Phương pháp học tiếng Anh hiệu quả, nhanh chóng: Các chương trình học tiếng Anh của Ban Việt ngữ VOA (VOA Learning English for Vietnamese) có thể giúp các bạn cải tiến kỹ năng nghe, hiểu rõ cấu trúc và ngữ pháp, và sử dụng Anh ngữ một cách chính xác.
Luyện nghe nói tiếng Anh qua video: Chương trình học tiếng Anh của VOA: Special English Technology Report. Xin hãy vào http://www.voatiengviet.com/section/hoc-tieng-anh/2693.html để xem các bài kế tiếp.
From VOA Learning English, this is the Agriculture Report. The United States Congress has been debating a new Farm Bill. This is a huge five-year plan that includes support programs for American farmers. Government payments make up eight percent of the income of farmers growing such major crops as maize, wheat, soybeans, cotton and peanuts. That eight percent is one of the lowest levels of support among developed countries. The Organization for Economic Cooperation and Development says the average among its members is 20 percent. One reason for the low payments is high global crop prices. The price supports, or subsidies, that pay farmers when prices are low have not been used very much recently.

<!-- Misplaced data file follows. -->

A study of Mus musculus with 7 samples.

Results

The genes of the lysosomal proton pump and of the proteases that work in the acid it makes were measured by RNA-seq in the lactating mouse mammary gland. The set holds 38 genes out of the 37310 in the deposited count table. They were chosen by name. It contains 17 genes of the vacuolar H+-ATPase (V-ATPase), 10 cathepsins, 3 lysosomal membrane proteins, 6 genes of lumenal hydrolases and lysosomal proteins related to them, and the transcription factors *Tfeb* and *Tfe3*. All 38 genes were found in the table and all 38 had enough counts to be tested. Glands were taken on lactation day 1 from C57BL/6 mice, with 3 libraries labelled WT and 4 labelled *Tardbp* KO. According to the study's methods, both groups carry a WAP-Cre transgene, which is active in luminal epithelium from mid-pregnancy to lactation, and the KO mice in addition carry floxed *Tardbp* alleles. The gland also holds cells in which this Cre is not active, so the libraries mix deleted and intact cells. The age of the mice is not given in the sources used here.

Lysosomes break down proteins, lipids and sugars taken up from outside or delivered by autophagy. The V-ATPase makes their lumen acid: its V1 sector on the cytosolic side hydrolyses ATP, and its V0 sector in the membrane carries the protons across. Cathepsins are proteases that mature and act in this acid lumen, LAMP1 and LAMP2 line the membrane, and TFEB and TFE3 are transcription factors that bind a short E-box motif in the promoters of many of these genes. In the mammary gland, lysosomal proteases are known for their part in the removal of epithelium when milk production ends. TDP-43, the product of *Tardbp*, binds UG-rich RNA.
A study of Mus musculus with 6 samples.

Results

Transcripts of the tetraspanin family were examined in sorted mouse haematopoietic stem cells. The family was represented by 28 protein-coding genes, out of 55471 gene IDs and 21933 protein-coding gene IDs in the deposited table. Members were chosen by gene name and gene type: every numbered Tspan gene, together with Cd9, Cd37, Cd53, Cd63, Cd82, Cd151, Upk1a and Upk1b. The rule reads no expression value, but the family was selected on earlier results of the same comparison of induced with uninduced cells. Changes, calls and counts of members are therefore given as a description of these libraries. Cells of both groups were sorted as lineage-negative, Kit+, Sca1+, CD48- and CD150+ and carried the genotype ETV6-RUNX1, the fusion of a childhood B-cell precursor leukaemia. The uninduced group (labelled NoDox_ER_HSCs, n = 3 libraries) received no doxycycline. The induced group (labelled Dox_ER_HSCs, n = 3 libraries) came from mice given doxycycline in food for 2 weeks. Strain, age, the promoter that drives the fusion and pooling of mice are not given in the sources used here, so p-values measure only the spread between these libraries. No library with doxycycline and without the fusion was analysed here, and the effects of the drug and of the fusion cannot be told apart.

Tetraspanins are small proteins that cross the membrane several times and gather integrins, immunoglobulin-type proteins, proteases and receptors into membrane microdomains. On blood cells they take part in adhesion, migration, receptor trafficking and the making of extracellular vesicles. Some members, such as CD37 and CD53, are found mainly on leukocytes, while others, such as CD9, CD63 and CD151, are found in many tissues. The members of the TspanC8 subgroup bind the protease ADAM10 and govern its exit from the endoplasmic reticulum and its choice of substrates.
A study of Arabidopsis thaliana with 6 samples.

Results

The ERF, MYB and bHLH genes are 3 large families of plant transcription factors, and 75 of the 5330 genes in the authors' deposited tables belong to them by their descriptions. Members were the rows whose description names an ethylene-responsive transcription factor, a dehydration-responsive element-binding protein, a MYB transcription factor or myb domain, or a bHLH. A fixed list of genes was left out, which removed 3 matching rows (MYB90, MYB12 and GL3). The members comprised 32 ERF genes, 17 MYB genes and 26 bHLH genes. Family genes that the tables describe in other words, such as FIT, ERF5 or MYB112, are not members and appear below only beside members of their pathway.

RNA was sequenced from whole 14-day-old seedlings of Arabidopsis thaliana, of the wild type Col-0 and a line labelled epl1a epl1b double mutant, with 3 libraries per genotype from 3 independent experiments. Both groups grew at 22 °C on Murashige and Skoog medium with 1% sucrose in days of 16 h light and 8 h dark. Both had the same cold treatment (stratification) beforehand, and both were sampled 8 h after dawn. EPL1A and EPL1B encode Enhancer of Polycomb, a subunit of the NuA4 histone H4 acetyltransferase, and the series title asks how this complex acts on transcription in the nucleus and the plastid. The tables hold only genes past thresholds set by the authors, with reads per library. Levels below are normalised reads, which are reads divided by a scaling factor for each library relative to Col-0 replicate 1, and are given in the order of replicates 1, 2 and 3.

Grain prices are high. Farmers have earned record or near-record profits in the past few years. But they still receive about $5 billion every year in what are called direct payments. These payments go to farmers whether crop prices are high or low. Farmers do not even have to grow a crop to get direct payments. Now, Congress wants to cut between $20 and $40 billion from farm subsidies. Even the largest farmers’ group, the American Farm Bureau Federation, expects that direct payments will soon end. Mary Kay Thatcher is the chief lobbyist for the group. She says the payments are hard to justify politically. But there are proposals to increase subsidies once crop prices go down again. One version would let farmers receive payments with higher market prices. Another would protect a farmer’s total income when prices fall. David Orden is an economist with the International Food Policy Institute. He says both versions would anger farmers in other countries.